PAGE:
You’d think it would be easier the second time around.


 

I achieved my target of 50,000 words last year in November, and learnt a great deal from the experience.

 

This time my target is lower and I began this new journey full of excitement. I thought I understood the pitfalls – the areas I needed to avoid.

 

We’re only on day 5 and already I’m finding excuses not to write. Some of them are valid; I’m moving house in two weeks. Some not so much.

 

The biggest issue at the moment is POV. I began the first chapter in third person, and then changed my mind and rewrote in first. Now the problem is I like them both for different reasons, and I’m not sure how to proceed. The decision I make will affect the story and how it is told – how the subsequent stories will also be told.

 

So I’m going to try something a little different in the hope I can gain perspective from my lovely readers. I’ve added two different introductions below, and I’d like your help to decide which route to take.

 

Here they are:

 

Option 1

 

When some people learn the origins of their birth, information that changes the course of their future and makes sense of their past, it fortifies them. It suddenly makes perfect sense, the fact they didn’t belong. There’s a reason they felt so disconnected.

 

That’s not how it was for me. I’ve never felt like an outsider, never wondered why I didn’t fit in. I assimilate to whatever environment I’m in, and I assimilate quickly.

 

If I were to feel misplaced at all, one might assume it was due to intellect. Yet I feel a connection to people on a fundamental level, a level that cuts through societal rules or restrictions.

 

My unpredictability, my direct approach had always been met by acceptance, and for that I’m grateful. Without it I would have been lost in a sea of names and faces.

 

I’ve lost count of the number of towns we lived in. I’d never been allowed to stay in one place for more than six months. Not because my parents are part of the military or particularly free-spirited. It wasn’t as simple as that.

 

In truth, I didn’t know what we’d been running from, but as I looked at my father’s face on the monitor in front of me, I knew I was about to discover the truth. The reasons we’d spent our life on the run.

 

With an unsteady hand, I hit play on the tape and felt the ache spread across my chest. My father had been gone only a few short days and seeing this reminder of him so soon was almost too much to bear.

 

“My darling, Audrey. If you’re watching this, it means we’ve been compromised, and you don’t have much time.

I wish with all of my heart I could protect you. Believe me when I say, if my keeping you safe has failed, and you’re watching this now, I’m truly sorry for what you are about to face”.

 

*****

 

Option 2

 

“My darling, Audrey. If you’re watching this, it means we’ve been compromised, and you don’t have much time.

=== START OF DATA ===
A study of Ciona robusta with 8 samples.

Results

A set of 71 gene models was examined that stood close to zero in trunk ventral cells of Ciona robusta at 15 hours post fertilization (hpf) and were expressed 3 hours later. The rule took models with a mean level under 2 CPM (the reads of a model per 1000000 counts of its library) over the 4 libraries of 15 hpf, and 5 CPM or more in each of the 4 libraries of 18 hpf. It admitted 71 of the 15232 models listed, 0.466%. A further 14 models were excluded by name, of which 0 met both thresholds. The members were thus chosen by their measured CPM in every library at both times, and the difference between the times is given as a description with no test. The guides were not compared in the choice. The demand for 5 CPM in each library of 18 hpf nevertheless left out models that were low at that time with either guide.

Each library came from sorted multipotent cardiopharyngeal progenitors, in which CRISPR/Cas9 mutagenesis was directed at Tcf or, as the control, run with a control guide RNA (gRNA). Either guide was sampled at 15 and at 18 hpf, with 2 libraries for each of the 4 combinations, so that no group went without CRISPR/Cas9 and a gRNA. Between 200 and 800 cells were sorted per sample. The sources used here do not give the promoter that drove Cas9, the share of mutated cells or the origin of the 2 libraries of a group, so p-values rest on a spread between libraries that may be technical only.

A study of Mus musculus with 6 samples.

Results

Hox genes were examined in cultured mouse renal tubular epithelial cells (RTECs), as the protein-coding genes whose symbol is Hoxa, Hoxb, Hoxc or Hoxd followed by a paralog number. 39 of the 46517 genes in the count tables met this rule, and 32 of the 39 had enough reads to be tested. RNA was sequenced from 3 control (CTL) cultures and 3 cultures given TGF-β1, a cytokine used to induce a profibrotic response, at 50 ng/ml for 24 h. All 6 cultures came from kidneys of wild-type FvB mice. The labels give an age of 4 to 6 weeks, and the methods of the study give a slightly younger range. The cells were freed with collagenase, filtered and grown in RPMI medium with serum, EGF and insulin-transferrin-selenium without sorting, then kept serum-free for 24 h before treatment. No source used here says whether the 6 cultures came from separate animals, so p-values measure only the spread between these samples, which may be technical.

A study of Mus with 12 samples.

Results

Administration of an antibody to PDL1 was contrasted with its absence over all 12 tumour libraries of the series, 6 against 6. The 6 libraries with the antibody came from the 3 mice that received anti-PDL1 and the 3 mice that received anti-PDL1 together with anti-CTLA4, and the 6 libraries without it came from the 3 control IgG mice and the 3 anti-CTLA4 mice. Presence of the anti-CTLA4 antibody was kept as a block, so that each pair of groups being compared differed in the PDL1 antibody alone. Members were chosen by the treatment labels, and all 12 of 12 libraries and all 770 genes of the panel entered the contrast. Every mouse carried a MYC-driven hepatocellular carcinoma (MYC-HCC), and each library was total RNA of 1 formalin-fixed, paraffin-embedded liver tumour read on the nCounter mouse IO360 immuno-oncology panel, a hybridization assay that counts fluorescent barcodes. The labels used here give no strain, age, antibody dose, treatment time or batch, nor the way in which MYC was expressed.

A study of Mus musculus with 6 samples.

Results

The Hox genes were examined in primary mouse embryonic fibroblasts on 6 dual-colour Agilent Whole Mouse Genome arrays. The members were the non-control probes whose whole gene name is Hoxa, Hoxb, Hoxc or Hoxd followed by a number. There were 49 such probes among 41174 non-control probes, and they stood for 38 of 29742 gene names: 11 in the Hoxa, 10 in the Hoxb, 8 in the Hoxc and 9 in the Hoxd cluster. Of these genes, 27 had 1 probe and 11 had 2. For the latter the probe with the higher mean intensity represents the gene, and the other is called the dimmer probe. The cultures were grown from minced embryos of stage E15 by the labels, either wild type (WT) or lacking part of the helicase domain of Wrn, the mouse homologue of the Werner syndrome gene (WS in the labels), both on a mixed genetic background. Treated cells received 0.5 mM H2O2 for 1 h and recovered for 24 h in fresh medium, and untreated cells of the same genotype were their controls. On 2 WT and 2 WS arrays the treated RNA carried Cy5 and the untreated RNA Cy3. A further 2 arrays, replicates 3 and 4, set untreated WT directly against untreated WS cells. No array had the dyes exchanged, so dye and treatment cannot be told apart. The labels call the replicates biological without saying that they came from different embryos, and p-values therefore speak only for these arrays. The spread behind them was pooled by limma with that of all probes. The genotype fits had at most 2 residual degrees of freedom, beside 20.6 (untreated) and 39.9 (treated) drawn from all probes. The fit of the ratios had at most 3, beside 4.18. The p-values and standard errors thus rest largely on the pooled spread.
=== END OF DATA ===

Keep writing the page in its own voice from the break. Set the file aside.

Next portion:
I wish with all of my heart I could protect you. Believe me when I say, if my keeping you safe has failed, and you’re watching this now, I’m truly sorry for what you are about to face”.

 

Audrey looked at the image of her father on the big screen and felt a searing pain cut through her heart. Not because of his words, but the fact he looked so fragile. He could barely hold himself upright and she judged by his sickly pallor that he’d recorded the message only hours before his death.

 

That knowledge had tears pricking the back of her eyes. She’d always been able to read her father, so she knew his energy was waning. He didn’t even have the strength to edit out the silences. The moments he needed to gather his strength.

 

When he swore soundly the tears plopped onto her cheeks and ran in a continuous stream down her face. It would have been funny if he hadn’t been in so much pain.

 

“I’ve had so many opportunities to tell you the truth, opportunities I squandered because of my own cowardice. When we lost your mother, and then years later when I met Ann and we became a family again. I should have told you then. It haunts me knowing how much I failed you. All the hours we spent together, preparing you for this, and not once did I share the truth about your heritage.”

 

Audrey turned away from the screen so she didn’t have to see him gasping for breath. Despite her confusion, and her desire to finally understand the past he’d kept hidden, it hurt her to see him in pain.

 

***

 

I’d appreciate your feedback. I know I’m the only one who can decide, but it would be useful if you shared your thoughts with me. Maybe then I can move on and focus on the project.

 

You can either comment in the box below, or vote for your favourite option.

 

Thanks in advance.

Mel

 


  1. Thanks, Mishka. That’s useful. Sometimes it’s hard to let go of something we’ve written, even if it no longer fits. That’s one of my weakness, and there are many! I really appreciate the comment and your support.

  2. First off, wow! Whichever POV you end up choosing, this seems like a brilliant story that I would definitely want to read more of.

    It’s a tough choice as both work well but I opted for first-person. Option one just had that little extra nuance of intrigue that gripped me. I’m fascinated too see inside Audrey’s mind so directly.

    Best of luck regardless of your eventual decision 🙂

    1. Thanks, Callum, I’m thrilled you engaged with the character. You’ve answered two questions for me. I’d wondered if the opening scene was gripping enough and if you want to learn more then that’s a really good sign 🙂 I value your feedback, so thanks again.